The Solar Carriage House

A solar carriage house is a blend of superinsulation and earth sheltering, a promising option for owner-builders. Includes information on Wallis carriage house, Merkel carriage house, the future of carriage houses and photographs.

| July/August 1985

Learn why a solar carriage house is energy efficient, simplifies construction for owners, and reduces building costs. (See the carriage house photos in the image gallery.)

I've been designing and building "underground" homes for over seven years now, and the energy efficiency of these buildings has often surpassed my wildest expectations. Nonetheless, my experience with earth sheltered structures has led me to look for ways to simplify construction for owner-builders and to reduce costs wherever possible. The result, my latest thinking on energy saving design, is a hybridization of earth tempering, superinsulation, and solar direct gain.

Now, I'm no less convinced than I ever was that earth contact is an excellent way to reduce heating and cooling loads. In my area of Virginia, temperatures eight feet below grade vary from 49 degrees Fahrenheit in April to 64 degrees Fahrenheit in October—a much more friendly environment than ambient air temperature, which typically goes as low as 0 degrees Fahrenheit and as high as 100 degrees Fahrenheit. What's more, earth sheltering practically eliminates convective wall losses from wind and thoroughly controls infiltration. Depending on a house's design, the earth surrounding it may also serve as a heat storage medium through the seasons.

There are some valid reasons, though, to question going completely underground. First, many of my clients aren't comfortable with the idea of underground living. They prefer the profile of a more conventional building and like the airy feeling of being above grade. Also, covering a roof with earth requires that the structure be capable of withstanding a load of 250 pounds per square foot and have a carefully installed, quality waterproofing system. The waterproofing alone may add $1.50 per square foot to the cost of the roof, and waterproofing on a horizontal roof seems to be more prone to problems than that on the walls. True, a covering of earth does reduce convective heat loss and limit infiltration. But even a two-foot-deep layer of soil will fluctuate from 40 degrees Fahrenheit in February to 73 degrees Fahrenheit in August, so heavy insulation is still required.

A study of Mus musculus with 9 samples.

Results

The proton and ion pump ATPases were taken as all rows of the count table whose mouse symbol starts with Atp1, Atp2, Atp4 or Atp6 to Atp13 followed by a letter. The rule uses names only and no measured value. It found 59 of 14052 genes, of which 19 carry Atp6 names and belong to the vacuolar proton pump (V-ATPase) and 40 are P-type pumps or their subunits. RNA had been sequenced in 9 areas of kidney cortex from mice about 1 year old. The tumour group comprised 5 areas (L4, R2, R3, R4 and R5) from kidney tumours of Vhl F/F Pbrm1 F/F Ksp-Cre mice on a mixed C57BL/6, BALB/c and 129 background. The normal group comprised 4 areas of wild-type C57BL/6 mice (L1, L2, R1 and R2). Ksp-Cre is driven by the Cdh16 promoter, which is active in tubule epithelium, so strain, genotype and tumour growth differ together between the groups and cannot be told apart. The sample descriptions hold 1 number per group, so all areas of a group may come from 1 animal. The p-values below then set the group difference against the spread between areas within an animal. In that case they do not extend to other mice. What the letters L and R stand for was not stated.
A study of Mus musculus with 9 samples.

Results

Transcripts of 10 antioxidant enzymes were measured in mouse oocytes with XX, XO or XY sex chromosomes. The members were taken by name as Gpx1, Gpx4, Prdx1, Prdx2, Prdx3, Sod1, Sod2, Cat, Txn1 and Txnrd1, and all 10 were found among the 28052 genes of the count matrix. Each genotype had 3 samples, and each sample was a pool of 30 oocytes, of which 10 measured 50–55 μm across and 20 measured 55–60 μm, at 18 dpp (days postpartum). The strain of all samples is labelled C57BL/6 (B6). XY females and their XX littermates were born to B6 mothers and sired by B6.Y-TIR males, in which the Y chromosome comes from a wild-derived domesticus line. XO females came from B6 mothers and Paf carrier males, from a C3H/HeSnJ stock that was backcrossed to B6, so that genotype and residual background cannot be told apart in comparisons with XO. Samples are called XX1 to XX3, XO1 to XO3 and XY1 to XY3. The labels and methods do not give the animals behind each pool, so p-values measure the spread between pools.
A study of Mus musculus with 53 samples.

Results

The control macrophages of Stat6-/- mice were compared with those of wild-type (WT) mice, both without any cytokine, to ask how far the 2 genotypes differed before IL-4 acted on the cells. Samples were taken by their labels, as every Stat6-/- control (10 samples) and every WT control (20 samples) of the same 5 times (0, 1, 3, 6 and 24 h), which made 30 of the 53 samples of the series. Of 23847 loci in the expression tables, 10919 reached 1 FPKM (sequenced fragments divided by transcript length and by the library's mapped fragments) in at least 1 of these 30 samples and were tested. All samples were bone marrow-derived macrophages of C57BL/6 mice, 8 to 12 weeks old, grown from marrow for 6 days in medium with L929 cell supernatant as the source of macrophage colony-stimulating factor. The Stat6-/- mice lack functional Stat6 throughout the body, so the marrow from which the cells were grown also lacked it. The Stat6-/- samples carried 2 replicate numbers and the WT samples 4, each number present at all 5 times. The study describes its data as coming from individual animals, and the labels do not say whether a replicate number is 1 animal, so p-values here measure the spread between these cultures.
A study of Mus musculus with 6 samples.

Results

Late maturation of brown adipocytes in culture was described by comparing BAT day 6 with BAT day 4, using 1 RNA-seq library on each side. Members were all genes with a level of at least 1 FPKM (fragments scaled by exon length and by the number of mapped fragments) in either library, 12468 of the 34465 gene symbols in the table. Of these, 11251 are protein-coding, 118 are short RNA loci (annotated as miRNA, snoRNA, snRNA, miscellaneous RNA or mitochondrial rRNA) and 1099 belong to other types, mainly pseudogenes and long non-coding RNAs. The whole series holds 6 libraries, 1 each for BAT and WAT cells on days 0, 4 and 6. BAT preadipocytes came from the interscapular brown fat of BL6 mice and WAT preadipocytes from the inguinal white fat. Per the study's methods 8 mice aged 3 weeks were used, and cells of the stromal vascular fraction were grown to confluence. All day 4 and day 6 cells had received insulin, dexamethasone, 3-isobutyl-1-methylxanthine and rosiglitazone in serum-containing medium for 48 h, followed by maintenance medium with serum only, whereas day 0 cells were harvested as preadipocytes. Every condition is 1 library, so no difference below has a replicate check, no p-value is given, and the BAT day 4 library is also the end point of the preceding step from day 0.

But what if, instead of building with a single story entirely below ground, we were to use two levels, with the lower one bermed on at least three sides? The below-grade walls must still be built to withstand a load of 350 pounds per square foot, and they must be waterproofed and properly drained. But this cost can be justified, since the walls serve several purposes. Masonry, which is highly conductive, provides an intimate thermal link with the earth. Thus we have mild temperatures outside the walls and plenty of thermal mass for solar storage. As long as the cool temperatures of the walls don't combine with high summer humidity to produce condensation, there's little need for insulation at depths greater than four feet.

Above grade, as dictated by the site topography, we use wooden framing—I'm fond of heavy-timber construction for both aesthetic and economic reasons—to erect a superinsulated cap. Because the south side of both the first and second floors is unbermed, there's a large potential area for solar gain, and the apertures can be sized to suit the mass in each area.